How a first-time major winner — and a big, blue wall — took over the ANA Inspiration
RANCHO MIRAGE, Calif. — For 71 holes, this ANA Inspiration was a dream scenario for the LPGA. Nelly Korda, 22, bidding to become America’s next superstar, was battling the equally magnetic Brooke Henderson, whose vortex-inducing swing is the most awe-inspiring action this side of the young John Daly. Representing the Korean diaspora was Mirim Lee, a crafty vet who holed two chip shots over the first 16 holes to stay in the picture. But looming behind the 72nd green at Mission Hills was a big, blue wall that seemed destined to play a decisive role.
This structure (dubbed “The Great Wall of Dinah” by one pressroom scribe) served as a billboard for the title sponsor but had the unintended effect of hijacking the finish. The Covid-induced move of Dinah Shore’s old tournament from April to September brought higher temperatures and a springier strain of Bermuda on the firm greens, meaning that any player who went for it on the watery, do-or-die par-5 18th had a good chance of going long.
But instead of the players’ balls trickling into the water behind the island green, the wall served as a discordant backstop, taking all the risk out of what could have been a thrilling risk-reward hole. (It’s true that in the past there has been a grandstand set about four paces further back than the wall, but with fans barred from the grounds this year there was no reason to have any clutter behind the green.)
Lee was the first to arrive at 18, two shots behind Korda, who was in the process of making an outrageously clutch 10-footer to save par on the 17th hole. After a good tee shot Lee had 215 yards left, leaving her between clubs; 4-iron might not get there but 5-wood would come in too hot. Going with more club was a no-brainer. “Our play was to hit it into the middle of the green, let it run into the blue thing and get a free drop,” said caddie Matt Glczis. “Without that being there we probably have to lay up because none of your long clubs are going to hold the green — it’s too firm.”
Carlota Ciganda, Lee’s playing partner, went farther: “Without that wall, no one would go for the green,” she said. “No one.”
Lee executed the shot that had been presented to her, banging a low, screaming hook off the wall like Carl Yastrzemski taking advantage of the Green Monster. She took her drop and then holed-out an exquisitely delicate eagle pitch to tie for the lead. It was the shot of a lifetime.
Henderson had been on the ropes after going rough to rough to sand and making a brutal double bogey on the 13th hole, but the scrappy Canuck birdied 16 to get back in the fight. On 18 she did the only sensible thing, which was to also smash her second shot into the wall. A free drop ensued, then a terrific chip and a birdie that tied her with Lee. Korda’s syrupy swing is the envy of the tour but, standing on the final tee with a one-shot lead, she sniped her drive into the rough, had to lay up and then played a poor wedge shot, dooming her to a disappointing par and three-woman playoff. Following along in her gallery was big sis Jessica, who had missed the cut.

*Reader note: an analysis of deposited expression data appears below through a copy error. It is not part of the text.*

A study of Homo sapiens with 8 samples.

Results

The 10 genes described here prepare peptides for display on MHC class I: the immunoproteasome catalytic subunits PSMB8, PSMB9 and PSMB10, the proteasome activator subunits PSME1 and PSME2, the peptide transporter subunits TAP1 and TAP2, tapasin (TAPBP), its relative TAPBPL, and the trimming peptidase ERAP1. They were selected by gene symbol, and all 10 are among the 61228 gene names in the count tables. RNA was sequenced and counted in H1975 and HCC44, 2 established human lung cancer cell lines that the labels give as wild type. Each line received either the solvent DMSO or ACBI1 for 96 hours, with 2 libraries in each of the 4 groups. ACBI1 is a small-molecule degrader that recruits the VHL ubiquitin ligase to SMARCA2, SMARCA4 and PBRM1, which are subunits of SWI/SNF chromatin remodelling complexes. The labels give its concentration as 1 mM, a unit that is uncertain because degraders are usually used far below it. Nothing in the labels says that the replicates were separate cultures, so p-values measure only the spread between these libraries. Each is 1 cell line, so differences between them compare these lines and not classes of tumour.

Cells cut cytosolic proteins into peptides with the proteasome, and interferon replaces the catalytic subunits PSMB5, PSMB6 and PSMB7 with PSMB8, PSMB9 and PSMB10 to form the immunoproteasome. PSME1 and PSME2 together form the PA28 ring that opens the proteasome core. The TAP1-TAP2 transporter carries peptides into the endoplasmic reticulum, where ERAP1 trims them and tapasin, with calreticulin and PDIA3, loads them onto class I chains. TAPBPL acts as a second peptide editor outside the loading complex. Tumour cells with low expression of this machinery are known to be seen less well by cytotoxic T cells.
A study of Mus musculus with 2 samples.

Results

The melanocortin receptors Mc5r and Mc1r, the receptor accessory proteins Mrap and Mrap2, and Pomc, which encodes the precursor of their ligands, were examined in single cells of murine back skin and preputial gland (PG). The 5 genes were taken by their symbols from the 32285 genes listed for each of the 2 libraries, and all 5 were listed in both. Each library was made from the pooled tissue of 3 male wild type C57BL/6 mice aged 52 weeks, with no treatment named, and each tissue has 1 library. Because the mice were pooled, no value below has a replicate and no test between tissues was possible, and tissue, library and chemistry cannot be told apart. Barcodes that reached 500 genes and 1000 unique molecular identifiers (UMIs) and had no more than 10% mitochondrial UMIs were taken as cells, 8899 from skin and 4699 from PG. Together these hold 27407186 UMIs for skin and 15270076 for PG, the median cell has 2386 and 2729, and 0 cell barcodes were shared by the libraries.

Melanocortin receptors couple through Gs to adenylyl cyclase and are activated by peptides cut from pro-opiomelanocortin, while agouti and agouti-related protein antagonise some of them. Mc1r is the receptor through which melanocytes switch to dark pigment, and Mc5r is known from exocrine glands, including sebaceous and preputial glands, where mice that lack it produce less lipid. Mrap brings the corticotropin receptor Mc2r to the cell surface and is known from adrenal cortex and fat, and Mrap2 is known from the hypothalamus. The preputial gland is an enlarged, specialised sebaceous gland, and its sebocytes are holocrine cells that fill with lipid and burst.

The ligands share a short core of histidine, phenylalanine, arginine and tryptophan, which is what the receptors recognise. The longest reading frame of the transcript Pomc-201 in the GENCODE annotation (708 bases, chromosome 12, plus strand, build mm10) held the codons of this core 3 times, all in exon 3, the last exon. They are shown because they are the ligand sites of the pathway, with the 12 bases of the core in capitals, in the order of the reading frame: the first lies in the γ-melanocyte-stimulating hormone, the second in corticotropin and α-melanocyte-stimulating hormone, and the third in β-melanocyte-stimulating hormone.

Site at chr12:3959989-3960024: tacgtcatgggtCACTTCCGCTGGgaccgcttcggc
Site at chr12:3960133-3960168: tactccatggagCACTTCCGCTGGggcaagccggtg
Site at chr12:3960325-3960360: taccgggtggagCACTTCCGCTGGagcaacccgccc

“It was always going to come down to that wall,” Jessica said, ruefully.
The messy finish cast a pall over an otherwise thrilling day and sudden death lacked the theatrics of the final moments of regulation, as Korda again made par and Henderson babied her short birdie putt. Lee was just over the green in two — no bumper pool needed this time! — and from a tight lie played a nerveless wedge shot to five feet and then brushed in the winning putt like a practice-round gimme.
Unlike Henderson’s shot, let’s not get hung up on the wall. This was a clutch win for Lee on a huge stage. It was the fourth LPGA title and first major championship for the 29-year-old veteran, who has carved out a reputation as a big-game hunter: her first victory came in dogfight with the Queen ‘Bee, Inbee Park; she shot a record-tying 62 at the 2016 Women’s Open; and among her international victories is the 2012 Korea Women’s Open, which is considered a major on the KLPGA. This one is all the more impressive because Lee fought her driver throughout the final round and hit only 11 greens in regulation.
“I can’t really believe it right now,” she said afterward through an interpreter. “To be honest, I feel like I must be a little crazy for having won this.”
Is chipping usually the best part of her game?
“No, just today,” she said with a giggle.
“To be honest, of the four rounds, today I struggled the most,” Lee added, “but I think I had a bit of luck that helped me.”
It wasn’t just luck. Korda, who is up to number three in the World Ranking, braved a short press conference — “I’m just going to continue working hard and see where that takes me” — and then skulked to the parking lot, her sister by her side to offer support. They passed an outdoor seating area where Mission Hills members had gathered and they came through with a raucous ovation. Nelly waved without breaking stride while Jessica blurted out what plenty of other folks were thinking: “Stupid wall.”